He went down a year ago today on a warning track in Kansas City, and it was possible to believe in those shocking moments that Mariano Rivera’s career was down for the count, too.

His right ACL was torn. He was facing surgery. Months of rehab. And, oh yeah, he was 42, already way beyond the standard expiration date for a major leaguer. Rivera had accomplished enough for multiple athletic careers. There were no tangible goals. So mainly what he had was his pride, his promise not to go out that way, carted off a field.

Rivera was used to having control, ball in his hand, game on the line, responsibility for seasons, championships, legacies resting on his skills. He was determined not to exit on terms he did not dictate. His teammates rightly were stunned that the unbreakable man had broke. But that soon gave way to this belief — he would not be broken.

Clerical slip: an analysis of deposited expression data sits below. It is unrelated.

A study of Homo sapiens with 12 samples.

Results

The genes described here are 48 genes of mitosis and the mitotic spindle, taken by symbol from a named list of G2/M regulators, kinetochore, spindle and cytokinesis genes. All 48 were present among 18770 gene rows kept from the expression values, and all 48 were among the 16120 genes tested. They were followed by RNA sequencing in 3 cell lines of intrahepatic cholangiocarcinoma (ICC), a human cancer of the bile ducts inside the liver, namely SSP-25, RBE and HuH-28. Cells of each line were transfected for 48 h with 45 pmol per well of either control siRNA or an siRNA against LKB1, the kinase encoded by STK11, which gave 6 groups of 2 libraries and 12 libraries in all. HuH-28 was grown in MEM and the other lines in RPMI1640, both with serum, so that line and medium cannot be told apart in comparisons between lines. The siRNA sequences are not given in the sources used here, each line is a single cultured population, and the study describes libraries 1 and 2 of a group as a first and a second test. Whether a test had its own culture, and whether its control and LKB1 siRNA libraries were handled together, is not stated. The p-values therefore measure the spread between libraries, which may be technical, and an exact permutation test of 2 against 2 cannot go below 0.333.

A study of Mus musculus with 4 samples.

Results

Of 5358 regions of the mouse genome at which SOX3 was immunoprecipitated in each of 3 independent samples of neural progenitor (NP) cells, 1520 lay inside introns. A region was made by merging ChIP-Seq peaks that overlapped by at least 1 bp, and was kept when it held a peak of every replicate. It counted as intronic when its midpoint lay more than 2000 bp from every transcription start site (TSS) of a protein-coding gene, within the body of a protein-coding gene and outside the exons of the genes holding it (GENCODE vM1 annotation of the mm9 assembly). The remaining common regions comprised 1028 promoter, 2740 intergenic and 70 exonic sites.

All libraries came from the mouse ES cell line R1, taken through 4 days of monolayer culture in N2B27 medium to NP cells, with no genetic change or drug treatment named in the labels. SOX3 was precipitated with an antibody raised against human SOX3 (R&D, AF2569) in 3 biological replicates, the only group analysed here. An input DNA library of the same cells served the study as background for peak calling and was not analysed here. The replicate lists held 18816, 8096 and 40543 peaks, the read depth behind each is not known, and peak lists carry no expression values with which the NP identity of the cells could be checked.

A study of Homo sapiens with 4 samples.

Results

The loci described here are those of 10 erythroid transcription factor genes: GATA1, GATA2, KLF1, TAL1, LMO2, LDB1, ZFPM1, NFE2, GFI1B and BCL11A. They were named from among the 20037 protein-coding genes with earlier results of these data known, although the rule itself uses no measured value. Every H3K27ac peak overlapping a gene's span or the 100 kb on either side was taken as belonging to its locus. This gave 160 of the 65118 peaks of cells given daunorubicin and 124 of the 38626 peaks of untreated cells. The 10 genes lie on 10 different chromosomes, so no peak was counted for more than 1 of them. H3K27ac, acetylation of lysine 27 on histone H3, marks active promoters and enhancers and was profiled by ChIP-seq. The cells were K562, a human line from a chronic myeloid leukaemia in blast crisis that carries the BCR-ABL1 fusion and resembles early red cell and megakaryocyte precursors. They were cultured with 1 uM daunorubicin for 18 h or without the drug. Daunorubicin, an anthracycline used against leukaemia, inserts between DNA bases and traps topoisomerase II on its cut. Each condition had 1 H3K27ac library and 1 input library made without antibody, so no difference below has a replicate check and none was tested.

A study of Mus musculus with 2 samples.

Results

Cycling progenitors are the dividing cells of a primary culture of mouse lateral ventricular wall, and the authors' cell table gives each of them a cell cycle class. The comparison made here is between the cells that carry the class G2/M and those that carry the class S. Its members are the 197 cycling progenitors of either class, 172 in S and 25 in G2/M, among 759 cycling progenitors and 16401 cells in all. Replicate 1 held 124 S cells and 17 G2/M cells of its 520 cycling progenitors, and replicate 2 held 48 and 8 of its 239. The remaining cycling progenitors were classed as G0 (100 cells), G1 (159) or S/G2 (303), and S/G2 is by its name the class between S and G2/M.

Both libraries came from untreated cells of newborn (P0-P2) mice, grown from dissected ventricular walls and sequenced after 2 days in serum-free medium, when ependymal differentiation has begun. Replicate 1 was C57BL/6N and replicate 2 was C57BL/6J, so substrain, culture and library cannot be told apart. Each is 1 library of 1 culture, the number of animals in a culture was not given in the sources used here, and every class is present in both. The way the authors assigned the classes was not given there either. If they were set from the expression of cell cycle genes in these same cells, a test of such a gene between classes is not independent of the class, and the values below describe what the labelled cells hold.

If the injury proved his body was not made out of steel. His recovery would demonstrate again that his will was iron. There was belief Rivera would defy the calendar, heal up and be, well, Mariano Rivera. You know why? Because he is Mariano Rivera. Because he invests that belief in all those around him. Logic?

What is logical about building one of the great careers ever throwing essentially one pitch? For two decades. Or in leading the majors in saves a month into the season, 12 months after tearing up a knee, at age 43.

“I have to say he’s been very similar to what I’ve seen from him in the past,” an AL scout said. “He’s lost a tick or two of velocity, but the cutter still has late action and the delivery is effortless, athletic, repeatable, which allows him to command the zone in, out, up, down. He looks like he could pitch for another five years.”